While hospitals increased spending on marketing slightly last year, the advertising portion of those budgets was slashed by 20%, according to a recent annual survey of hospital marketers.
Results of the 1996 National Hospital Marketers Survey show hospital expenditures on advertising plummeted 20% to $195,100 compared with $243,100 in 1995, which was an all-time high for advertising budgets.
Meanwhile, the overall marketing budget, which includes advertising expenditures, rose 1.9% to $467,100, compared with $458,100 in 1995.
"The fact that marketing budgets kept up with the cost of living may indicate (marketers) are allocating their advertising dollars somewhere else," said Steven R. Steiber, president of Evanston, Ill.-based Quality Expectations, a healthcare market research and consulting firm that has conducted the annual study since 1984.
The firm's 1996 survey of 200 hospital marketing executives, randomized by bed count and geography, included hospitals with 50 or more beds.
Steiber said the decline in advertising expenditures could be an aberration of sorts, but it's also an indication hospitals are spending their marketing budgets on other things. The survey doesn't get into specifics of where marketing departments spend the money cut from advertising.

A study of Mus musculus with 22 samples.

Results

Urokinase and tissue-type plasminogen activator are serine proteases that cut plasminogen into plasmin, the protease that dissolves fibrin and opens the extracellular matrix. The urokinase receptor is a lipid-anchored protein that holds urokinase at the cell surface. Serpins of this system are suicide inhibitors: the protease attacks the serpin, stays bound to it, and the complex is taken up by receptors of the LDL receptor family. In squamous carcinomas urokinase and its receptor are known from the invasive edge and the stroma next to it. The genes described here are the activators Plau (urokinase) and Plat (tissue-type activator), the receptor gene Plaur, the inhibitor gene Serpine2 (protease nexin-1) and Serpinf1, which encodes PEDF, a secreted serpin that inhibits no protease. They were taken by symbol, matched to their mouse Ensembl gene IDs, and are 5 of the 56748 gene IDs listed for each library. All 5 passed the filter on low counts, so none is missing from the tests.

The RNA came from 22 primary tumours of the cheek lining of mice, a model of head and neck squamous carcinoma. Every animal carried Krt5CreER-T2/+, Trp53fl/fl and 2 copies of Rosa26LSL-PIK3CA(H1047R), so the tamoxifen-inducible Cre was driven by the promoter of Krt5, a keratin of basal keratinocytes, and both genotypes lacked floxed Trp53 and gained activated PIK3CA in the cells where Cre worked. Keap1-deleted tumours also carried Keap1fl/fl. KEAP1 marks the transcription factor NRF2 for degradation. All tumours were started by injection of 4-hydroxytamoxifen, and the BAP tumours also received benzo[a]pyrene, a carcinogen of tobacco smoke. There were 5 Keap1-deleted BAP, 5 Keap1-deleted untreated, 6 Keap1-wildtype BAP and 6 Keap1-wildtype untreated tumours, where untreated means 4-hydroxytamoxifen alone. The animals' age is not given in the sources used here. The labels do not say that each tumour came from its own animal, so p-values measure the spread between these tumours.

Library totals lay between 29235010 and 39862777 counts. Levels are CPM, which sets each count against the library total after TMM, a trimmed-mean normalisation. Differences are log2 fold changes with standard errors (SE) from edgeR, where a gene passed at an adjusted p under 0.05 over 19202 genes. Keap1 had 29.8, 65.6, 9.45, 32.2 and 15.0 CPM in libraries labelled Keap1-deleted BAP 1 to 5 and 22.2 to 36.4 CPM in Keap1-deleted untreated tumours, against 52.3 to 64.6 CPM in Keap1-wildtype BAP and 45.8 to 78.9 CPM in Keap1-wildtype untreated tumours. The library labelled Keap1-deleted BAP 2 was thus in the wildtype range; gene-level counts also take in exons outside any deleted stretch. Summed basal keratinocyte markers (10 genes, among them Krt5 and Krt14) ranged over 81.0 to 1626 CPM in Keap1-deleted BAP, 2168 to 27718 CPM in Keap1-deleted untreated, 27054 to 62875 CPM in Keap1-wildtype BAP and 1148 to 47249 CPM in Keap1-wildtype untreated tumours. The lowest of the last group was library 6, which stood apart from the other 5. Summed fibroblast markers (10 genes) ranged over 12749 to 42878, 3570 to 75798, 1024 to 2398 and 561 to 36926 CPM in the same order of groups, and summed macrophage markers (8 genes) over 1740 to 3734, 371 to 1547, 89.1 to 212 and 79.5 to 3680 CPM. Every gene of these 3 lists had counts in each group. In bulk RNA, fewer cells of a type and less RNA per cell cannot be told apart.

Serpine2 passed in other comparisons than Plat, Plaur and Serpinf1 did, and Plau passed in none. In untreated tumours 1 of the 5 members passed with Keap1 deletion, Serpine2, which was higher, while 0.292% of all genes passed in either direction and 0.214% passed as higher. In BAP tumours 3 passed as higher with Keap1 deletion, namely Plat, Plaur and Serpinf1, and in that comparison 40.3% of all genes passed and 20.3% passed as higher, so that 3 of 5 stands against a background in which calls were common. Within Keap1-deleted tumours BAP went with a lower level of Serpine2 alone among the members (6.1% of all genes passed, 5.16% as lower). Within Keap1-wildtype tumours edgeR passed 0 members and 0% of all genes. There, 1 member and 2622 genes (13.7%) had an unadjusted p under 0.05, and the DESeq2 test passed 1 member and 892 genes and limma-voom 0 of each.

"There are a lot of potential buckets where they are pushing that extra change," Steiber said.
Nationally, overall hospital marketing expenditures rose slightly to $2.3 billion from $2.27 billion in 1995.
Of that total, hospitals spent $966 million on advertising, compared with the record $1.2 billion doled out in 1995.
The survey continues to suggest that large facilities, which tend to be the hubs of most healthcare systems, are driving advertising spending.
As in 1995, hospitals with more than 500 beds affected the overall advertising picture. They spent an average of $570,100, a 27% decline from the $779,200 posted a year earlier.
However, advertising spending at smaller hospitals with between 100 and 500 beds jumped 50% to $108,600 from $73,180 in 1995.
"Some new (healthcare) systems may have spent a lot of money last year after they formed and are now going back cutting back," Steiber said.
Print advertising continues to net the dominant share of ad budgets, although that share is declining.
The average marketing department spent 43%-down from 46% in 1995-of its advertising budget on ads in newspapers and magazines.
The rest of the advertising budget was devoted to radio, 14%; direct mail, 12%; yellow pages, 11%; television, 11%; bus/billboards, 4%; and other media, 5%.
Marketers' salaries kept pace with their departments' budgets. Marketing executives' annual compensation rose nearly 2% to $53,390 in 1996, compared with $52,610 in 1995.
Nearly 6% of hospital marketers have salaries larger than $100,000 a year; most of those are at the largest hospitals. The survey also indicated marketers with the six-digit salaries are likely to come from hospitals with occupancies greater than 50%.
"Even in an environment that is moving to increasingly capitated payment, marketers with institutions above the 50% occupancy mark have 10 times greater likelihood of receiving more than $100,000 per year than those under this mark," Steiber said.
The average tenure of a marketing executive is 4.8 years.
As hospitals restructure, the marketing executive continues to report to the hospital's top executive, with 68% of them saying they report directly to the CEO.